No, megadoses of vitamin C won't cure a coronavirus infection

The world is awash in treatments for COVID-19, the illness caused by coronavirus. Or at least that's what you might think if you just searched the internet.

The truth is, we don't yet have any effective treatments for COVID-19, although thousands of scientists are working furiously to try to create them.

Today we'll look at just one of the supposed treatments, which is being actively promoted on social media and many websites: vitamin C.

For those who don't want to read further, I'll start with the conclusion: vitamin C won't help to prevent or to treat coronavirus infection. I wish we had such a simple solution, but we don't.

Now let's back up a bit. Why would anyone think that vitamin C might be effective in treating this terrible virus? Vitamin C is an essential nutrient, and we all need it, but most people get plenty of vitamin C in their normal diet. As I've written before, taking vitamin C supplements is unnecessary but probably harmless, although megadoses carry the risk of kidney stones.

The modern craze with vitamin C started with Linus Pauling, a brilliant chemist and a Nobel Prize winner. Late in his career, he wrote a book promoting vitamin C as a miracle cure for many illnesses, including the common cold (which is caused by a virus). He had very little good evidence for this belief, but his promotion of vitamin C led to hundreds of studies testing his hypothesis. The bottom line: vitamin C doesn't work at preventing or curing the common cold. (See Paul Offit's book if you want more details on this and many other "miracle" cures.)

But wait, someone might object: haven't some of those vitamin C studies (as in this review paper) shown a benefit against the common cold? Well yes, but when you run hundreds of studies of a treatment that doesn't work, this is what happens: negative studies are hard to get published, but positive studies are easier. Run enough studies, and a few of them, merely by chance, will show a small positive effect. That's what we've seen with vitamin C.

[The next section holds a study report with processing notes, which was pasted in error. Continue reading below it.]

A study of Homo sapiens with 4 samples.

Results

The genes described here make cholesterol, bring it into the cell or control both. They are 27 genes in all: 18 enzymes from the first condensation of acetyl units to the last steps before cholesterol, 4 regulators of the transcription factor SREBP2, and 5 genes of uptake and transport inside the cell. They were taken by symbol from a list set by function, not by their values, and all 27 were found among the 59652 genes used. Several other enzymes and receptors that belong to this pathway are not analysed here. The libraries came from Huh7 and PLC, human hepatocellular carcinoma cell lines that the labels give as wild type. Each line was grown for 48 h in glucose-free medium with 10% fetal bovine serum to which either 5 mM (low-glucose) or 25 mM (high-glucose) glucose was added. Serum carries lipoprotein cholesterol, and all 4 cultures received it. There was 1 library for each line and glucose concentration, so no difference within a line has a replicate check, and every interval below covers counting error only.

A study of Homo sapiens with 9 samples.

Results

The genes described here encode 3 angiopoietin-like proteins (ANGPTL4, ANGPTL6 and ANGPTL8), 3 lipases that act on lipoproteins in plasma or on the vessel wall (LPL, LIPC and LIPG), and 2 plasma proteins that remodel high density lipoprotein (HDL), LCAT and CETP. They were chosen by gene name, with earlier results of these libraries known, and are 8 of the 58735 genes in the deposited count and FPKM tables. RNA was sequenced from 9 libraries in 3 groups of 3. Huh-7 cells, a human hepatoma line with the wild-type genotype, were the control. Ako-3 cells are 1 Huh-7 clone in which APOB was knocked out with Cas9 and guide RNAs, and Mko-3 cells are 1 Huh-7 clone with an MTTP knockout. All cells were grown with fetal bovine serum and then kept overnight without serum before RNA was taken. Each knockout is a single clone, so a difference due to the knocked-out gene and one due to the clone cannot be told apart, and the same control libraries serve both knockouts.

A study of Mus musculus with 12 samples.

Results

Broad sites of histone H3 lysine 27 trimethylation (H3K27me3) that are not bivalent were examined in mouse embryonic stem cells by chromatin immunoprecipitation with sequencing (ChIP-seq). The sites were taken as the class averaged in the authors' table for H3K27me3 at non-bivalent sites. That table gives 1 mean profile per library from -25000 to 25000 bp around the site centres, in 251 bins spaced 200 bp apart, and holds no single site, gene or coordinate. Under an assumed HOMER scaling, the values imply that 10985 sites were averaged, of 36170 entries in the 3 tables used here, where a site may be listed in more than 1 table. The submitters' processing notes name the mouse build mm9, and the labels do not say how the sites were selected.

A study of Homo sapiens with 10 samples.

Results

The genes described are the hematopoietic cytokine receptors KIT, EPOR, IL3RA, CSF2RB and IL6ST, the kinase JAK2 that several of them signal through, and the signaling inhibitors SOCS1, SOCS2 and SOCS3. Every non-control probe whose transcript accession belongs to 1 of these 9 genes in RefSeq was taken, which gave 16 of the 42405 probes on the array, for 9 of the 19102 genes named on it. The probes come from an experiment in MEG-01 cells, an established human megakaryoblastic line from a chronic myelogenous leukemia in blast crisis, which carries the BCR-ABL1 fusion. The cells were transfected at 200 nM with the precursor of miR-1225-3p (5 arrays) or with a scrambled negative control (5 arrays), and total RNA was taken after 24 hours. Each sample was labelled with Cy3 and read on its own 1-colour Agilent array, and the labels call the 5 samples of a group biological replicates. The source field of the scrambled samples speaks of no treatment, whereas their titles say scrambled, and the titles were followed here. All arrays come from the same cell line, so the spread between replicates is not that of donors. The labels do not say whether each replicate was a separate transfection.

Today, though, everyone is looking for a cure for COVID-19, and not surprisingly, many people (even some doctors) are claiming vitamin C is the answer. I've seen Twitter users explain, very confidently, that you just need to take 12,000 mg of vitamin C and you'll get better. This website comes right out and states that high-dose vitamin C will cure coronavirus, based on a widely-shared video from a doctor in China. (I won't provide the link because it has already done enough damage.)

It's almost impossible to disprove a claim that a treatment works. For example, I could claim that ginger snap cookies helps to prevent coronavirus infection. That's right! Ginger snaps, made with real ginger, which seems to have magical curative properties. If you object, I could demand that you prove me wrong–but the onus is on me, as the one making the claim, to first provide some genuine evidence. We haven't seen anything like that for vitamin C.

We need well-controlled experiments to know with any confidence that a treatment works. Some doctors at Wuhan University have started a trial of vitamin C to see if it has any benefits for COVID-19, but results won't be available for many months. I'm skeptical, but at least they're approaching the question the right way.

Dozens of studies of new treatments for COVID19 are being launched right now, with remarkable speed due to the urgency of the pandemic.The WHO has just launched trials of the 4 most promising existing drugs (which don't include vitamin C, I should add). To obtain a believable, positive result, we need to see evidence that a carefully administered treatment provides a significant benefit over what we're doing now–which is little more than supportive care, unfortunately.

Meanwhile, we'll have to wait and hope that one of the plausible efforts currently under way will yield an effective treatment. We've been down this road too many times with vitamin C, though, and the chances that it will have any effect are, based on past experience, close to zero.